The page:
Hey everyone, it’s-a me and stuff.
An hour ago I put the wraps on the strangest E3 I’ve ever attended. The show itself was fine — probably the most interesting it’s been since the ESA wimped out and did that ridiculous Santa Monica show in… 2007, I guess? The strangeness came from the fact that at the beginning of the show the website I’m working for existed only as a password-protected object, and with us being out of the game and effectively off the world’s radar for the duration of the event, we didn’t even bother taking the standard E3 shotgun blast of news coverage and perfunctory previews approach. And that felt strange… but awesome.
The fact is, this reflects our general editorial philosophy. The market on video game news coverage has been cornered by the giants; they have more people than us and a bigger audience than us. We’d be fighting over scraps and burning all our time on a losing game. Likewise, you can read explanatory hands-on previews anywhere. They’re a commodity. That’s why our news largely consists of a left-hand column that links to things reported by other sites — it’s not an aggregator, exactly, just a list of things we find interesting and noteworthy. And it’s why our previews largely consist of more evaluative or editorial pieces, like Brendan Sinclair’s Dragon’s Crown preview that says, effectively, “I played this and thought it seemed really dated, but then I compared it to its inspiration Dungeons & Dragons Chronicles and realized how far the genre has come.” And really, the lines between preview, editorial, feature, and blog post are pretty blurry for us.
If you’re thinking this sounds a lot like the latter days of 1UP, well, there’s a reason I joined on. USgamer isn’t an exact analog for 1UP, but certainly it taps into the same vibe of what we were trying to do there… but it’s free of 10 years of legacy technology, design, and purpose that no longer fit. Eurogamer’s tech and design teams built USgamer from the ground up for the express purpose of being the exact site we want it to be. It’s lean, simple, and extremely usable… and its emphasis on art means it looks pretty nice, too, especially beyond the bare-bones front page.
And yes, per your requests, they’ve added an RSS feed.
I’m going to point you stuff I’ve written for the site, but honestly you should go read everything. We’ve just launched, so it’s literally possible to read the entirety of the site in just a couple of hours. That won’t be true for long.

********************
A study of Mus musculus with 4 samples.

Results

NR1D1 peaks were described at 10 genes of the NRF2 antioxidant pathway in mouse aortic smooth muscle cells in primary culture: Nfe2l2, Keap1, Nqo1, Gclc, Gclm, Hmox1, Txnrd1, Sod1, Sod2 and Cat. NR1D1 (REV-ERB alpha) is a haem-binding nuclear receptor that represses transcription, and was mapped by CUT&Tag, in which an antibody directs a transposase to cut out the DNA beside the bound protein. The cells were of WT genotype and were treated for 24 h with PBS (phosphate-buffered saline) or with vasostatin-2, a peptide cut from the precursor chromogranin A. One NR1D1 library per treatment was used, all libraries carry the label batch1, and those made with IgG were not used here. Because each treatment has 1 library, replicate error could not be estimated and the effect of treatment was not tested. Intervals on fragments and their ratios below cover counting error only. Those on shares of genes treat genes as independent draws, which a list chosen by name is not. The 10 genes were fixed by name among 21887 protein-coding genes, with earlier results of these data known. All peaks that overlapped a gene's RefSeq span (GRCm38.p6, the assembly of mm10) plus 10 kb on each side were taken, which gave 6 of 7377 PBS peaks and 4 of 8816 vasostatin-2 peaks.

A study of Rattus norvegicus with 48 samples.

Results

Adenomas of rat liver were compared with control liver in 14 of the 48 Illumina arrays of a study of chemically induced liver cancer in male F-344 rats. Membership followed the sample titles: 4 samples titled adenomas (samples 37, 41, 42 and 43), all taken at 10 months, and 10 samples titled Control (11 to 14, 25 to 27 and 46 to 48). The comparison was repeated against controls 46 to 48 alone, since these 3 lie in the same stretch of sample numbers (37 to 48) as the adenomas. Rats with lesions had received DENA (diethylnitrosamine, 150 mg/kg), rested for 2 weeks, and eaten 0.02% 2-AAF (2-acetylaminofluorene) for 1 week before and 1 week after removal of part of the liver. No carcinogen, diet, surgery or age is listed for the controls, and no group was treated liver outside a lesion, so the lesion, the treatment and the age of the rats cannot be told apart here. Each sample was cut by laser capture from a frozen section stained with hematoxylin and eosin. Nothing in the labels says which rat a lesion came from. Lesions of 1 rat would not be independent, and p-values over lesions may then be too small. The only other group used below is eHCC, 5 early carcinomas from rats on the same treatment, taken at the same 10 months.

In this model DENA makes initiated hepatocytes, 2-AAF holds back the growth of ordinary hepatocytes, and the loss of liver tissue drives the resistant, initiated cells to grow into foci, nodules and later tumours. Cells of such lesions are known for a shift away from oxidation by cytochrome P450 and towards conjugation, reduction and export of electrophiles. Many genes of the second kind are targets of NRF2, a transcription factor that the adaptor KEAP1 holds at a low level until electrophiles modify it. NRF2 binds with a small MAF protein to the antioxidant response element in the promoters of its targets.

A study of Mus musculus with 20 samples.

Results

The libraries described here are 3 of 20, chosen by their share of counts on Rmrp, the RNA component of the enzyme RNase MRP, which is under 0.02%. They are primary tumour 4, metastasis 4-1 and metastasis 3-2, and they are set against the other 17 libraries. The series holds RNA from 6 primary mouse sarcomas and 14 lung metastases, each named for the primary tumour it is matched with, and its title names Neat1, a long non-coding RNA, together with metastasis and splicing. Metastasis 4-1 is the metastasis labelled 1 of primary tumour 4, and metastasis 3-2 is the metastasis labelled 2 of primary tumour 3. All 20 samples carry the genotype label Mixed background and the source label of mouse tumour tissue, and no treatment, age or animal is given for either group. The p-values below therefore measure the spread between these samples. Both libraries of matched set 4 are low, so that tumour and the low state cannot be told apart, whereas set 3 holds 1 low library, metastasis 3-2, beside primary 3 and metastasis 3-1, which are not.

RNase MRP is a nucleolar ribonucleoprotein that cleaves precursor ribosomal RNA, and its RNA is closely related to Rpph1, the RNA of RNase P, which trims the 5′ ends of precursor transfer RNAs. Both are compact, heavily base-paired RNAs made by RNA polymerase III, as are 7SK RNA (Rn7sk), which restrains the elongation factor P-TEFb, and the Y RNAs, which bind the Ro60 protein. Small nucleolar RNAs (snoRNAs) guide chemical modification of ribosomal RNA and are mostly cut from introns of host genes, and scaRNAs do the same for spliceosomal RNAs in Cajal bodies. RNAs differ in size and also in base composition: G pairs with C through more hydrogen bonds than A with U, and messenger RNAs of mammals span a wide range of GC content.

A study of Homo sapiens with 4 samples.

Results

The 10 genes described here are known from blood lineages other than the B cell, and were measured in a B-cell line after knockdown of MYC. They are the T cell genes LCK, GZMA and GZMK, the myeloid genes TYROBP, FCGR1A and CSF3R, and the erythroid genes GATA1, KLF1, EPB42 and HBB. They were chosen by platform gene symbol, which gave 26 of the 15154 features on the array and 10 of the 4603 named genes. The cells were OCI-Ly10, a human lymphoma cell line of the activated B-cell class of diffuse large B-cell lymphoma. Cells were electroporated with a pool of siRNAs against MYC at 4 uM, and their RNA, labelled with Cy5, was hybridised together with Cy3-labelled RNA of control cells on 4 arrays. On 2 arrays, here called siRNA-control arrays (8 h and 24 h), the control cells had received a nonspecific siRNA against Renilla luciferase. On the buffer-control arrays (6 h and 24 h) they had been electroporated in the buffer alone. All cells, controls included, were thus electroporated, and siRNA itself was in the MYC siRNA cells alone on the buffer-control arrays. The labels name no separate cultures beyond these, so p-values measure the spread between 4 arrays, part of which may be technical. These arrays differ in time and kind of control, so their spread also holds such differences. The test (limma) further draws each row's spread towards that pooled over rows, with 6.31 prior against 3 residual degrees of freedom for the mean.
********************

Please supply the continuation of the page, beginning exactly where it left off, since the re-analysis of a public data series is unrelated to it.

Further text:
- Nintendo Leans the Wrong Way With Tomodachi Collection‘s Gay Bug
- An Animal Crossing Primer
- How Mega Man and Mario Inspired Skylanders
- The Mighty Quest for Epic Loot: A Competitive Dungeon Crawler That Hates Archers
- In Monster Hunter, It Takes a Village to Raise a Child…
- In Animal Crossing‘s World, I’m the Veal Calf
- Metatext: Separating the Player from the Character
- Class of Heroes 2 Interview
- Class of Heroes 2 Review
- 1983: The Summer That Changed the World
- The Most Important Games on SG-1000
- The Most Essential MSX Games
- Essential Famicom Titles from the Pre-NES Days
- Local Color: An Animal Crossing New Leaf Interview
- Animal Crossing: New Leaf Review
- The Phantom Pain: The Metal Gear Puzzle’s Missing Piece?
- Square Wants to Know: Do Gamers Want a Modern Turn-Based Final Fantasy?
- 25 Years Later, the Spirit of Super Mario Bros. 2 Looms Large at E3
- Yoshi and Zelda Demonstrate the Dangers of Playing It Safe
- Looking Backward and Forward With the Final Fantasy Team
- Shigeru Miyamoto is Still Donkey Kong’s Papa
And I still have probably 15 or 20 more articles to file from the show on a variety of topics — Knack, Tearaway, 1001 Spikes, Lost Planet 3, Destiny, and more. We haven’t concentrated on any particular games (the heavy amount of Nintendo and Square content I’ve posted so far is simply the result of those appointments being first; I’m working my way through things in order), instead covering what we find interesting regardless of budget or scope of PR. (I know there are a ton of indie and blockbuster-related pieces alike coming from the rest of the staff in the coming days.) Hopefully our writing about the things we are excited about (or opinionated about, anyway) comes through in the text.
Also, I’m a super huge fan of the commenting system. Go on, annotate some paragraphs. It’s really fun.